A boy helps his mum win a bet
Mom came into my room, holding some big boxes.
“Here Steve,” she said, “I’ve got you some new clothes for you to wear while you’re staying with your aunt.”
“Mom, do I really have to?” I whined.
“Yes; you really have to,” she firmly said. “Now, let me have a look at you. Stand up and turn around for me!”
I did, and the yellow, knee-length, long-sleeved, A-shaped cotton dress with all of its tulle-petticoats swivelled around me.
“You look wonderful, dear,” she cried.
“No, I don’t,” I grumpily said, “I look like a girl!” I spread my arms in despair. “Why can’t I wear my normal clothes? Why must I dress like a girl, when I’m clearly a boy? And these cotton pantyhose are unbelievably hot and uncomfortable! AND I look ridiculous in this wig!”
“You know why, so you stop your whining; right now!” The tone in my mothers’ voice told me there was no point in continuing to whine. And besides, I did know why; she and my aunt had made a bet I couldn’t pass as a girl, and my mother was determined to win it.
So therefore, I had to endure spending a couple of days with my aunt and her daughters and be introduced to her friends as Stefanie, nicknamed Steve.
I looked in the mirror, and was once again amazed by what I saw. If I kept my mouth shut as much as possible, I probably could pass as being a girl.
A muscular and not overly cute one perhaps; but it just might work, after all.
When my parents and I arrived at aunt Prissie’s house which, thankfully, was in another town, she said with despair and surprise in her voice; “Yup, you were right, Alice; he really does look like a girl! Let’s see him walk.”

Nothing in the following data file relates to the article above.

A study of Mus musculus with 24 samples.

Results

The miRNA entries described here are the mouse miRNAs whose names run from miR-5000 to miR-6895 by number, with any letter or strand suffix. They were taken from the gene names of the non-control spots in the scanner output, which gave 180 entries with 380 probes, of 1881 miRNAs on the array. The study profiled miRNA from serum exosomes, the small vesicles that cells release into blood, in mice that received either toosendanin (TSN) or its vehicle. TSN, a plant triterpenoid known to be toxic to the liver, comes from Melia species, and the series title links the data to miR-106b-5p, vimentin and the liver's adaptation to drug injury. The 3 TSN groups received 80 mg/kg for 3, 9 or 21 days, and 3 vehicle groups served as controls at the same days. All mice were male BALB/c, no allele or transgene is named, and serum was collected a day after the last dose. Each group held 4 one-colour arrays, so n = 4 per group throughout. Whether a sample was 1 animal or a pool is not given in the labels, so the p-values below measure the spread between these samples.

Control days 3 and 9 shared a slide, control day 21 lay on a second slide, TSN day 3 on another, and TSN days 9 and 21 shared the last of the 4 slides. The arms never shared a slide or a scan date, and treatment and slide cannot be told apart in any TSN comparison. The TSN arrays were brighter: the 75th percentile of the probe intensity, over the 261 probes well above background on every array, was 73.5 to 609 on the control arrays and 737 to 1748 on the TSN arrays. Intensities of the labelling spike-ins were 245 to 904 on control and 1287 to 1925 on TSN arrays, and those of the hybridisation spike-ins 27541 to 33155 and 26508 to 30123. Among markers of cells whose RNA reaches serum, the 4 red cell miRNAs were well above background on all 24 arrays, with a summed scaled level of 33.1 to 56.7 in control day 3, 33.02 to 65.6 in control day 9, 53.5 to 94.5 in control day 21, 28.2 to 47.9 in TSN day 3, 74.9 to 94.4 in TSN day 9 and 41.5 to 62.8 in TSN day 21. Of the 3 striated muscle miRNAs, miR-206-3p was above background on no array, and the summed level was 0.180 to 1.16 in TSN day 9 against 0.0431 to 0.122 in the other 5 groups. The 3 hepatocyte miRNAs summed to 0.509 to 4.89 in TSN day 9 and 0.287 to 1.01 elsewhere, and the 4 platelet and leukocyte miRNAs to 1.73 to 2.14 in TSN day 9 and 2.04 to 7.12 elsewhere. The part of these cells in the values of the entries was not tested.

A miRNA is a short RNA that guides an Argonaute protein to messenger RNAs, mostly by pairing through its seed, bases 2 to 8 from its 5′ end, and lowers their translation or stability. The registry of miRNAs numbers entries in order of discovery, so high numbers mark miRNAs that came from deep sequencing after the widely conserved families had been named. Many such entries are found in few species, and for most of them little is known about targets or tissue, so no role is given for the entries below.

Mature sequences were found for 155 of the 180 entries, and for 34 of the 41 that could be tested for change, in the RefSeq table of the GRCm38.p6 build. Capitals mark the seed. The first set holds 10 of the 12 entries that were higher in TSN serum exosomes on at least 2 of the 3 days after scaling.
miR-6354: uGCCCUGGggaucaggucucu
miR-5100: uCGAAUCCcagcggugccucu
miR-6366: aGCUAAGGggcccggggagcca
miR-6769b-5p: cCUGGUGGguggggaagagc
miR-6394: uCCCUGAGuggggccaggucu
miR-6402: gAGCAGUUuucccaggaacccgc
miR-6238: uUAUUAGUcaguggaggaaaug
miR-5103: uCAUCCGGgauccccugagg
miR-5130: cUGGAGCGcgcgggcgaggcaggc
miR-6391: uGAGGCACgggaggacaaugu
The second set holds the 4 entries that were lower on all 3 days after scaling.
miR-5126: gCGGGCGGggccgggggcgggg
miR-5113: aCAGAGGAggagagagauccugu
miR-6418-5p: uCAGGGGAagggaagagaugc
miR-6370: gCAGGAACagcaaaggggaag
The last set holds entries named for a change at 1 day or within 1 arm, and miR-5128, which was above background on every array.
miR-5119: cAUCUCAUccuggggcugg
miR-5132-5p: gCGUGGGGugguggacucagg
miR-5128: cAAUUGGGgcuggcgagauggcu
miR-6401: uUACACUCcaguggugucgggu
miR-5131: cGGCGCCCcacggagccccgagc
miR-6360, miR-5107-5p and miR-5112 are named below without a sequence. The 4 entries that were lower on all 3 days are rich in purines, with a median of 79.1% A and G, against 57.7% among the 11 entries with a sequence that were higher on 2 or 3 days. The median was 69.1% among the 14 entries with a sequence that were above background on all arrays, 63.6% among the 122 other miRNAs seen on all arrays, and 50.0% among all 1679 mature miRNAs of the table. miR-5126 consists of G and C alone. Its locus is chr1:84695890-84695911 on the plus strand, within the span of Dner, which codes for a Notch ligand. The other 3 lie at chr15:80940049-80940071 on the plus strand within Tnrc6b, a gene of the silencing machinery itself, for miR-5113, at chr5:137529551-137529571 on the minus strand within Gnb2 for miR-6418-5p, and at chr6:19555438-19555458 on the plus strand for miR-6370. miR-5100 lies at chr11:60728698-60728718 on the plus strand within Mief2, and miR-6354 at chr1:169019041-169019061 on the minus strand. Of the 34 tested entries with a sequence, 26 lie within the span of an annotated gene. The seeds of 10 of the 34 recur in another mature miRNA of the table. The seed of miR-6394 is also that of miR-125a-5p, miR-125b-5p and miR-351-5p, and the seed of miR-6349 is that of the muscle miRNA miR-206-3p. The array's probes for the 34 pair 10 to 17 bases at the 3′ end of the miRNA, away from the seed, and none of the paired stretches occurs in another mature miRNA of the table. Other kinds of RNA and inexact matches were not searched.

I tried to walk the way mom had taught me. It wasn’t easy as it was the first time I walked on gravel in shoes with high heels. I could do it quite gracefully at home (well, sort of), but now I felt as if I had never worn a pair before, much less walked in them.
“Hmph,” aunt Prissie snorted. “I guess that’ll have to do; for now. He’ll learn in time. But graceful; it wasn’t! And we’ll have to do something about that figure of his; it is way too boyish. I have got something that might fix that.”
In my room, I unpacked the clothes I had brought, as well as the ones that had been sent directly to the house. My heart sank when I saw it contained only dresses, blouses and skirts.
Aunt Prissie opened the door, without knocking. She carried a small box, which she put on the bed. My dress had a row of hooks and eyelets in the back which she unhooked, and peeled down the bodice.
She opened the box she had bought and took something out which she put around my waist. It looked like two pieces of fabric held together by not only the buttons, but by a long piece of string. I immediately recognized it from pictures mom and I had been looking at on the Internet.
“A corset,” I cried. “You want me to wear a corset? You have got to be kidding me!”
“How very observant of you.” she dryly said. “Yes it is a corset, and I want you to wear it for as long as you are here, and no; I never joke about such things as clothes.”
With moves that oozed of experience, she put the corset on me and laced it.
“Take it easy will you, aunt; I can’t breathe!” I gasped.
“What I will do; is put you on a weight-loss diet!” was the only thing she said.
Those words however, sent icy shivers down my spine. How long was I supposed to be here for?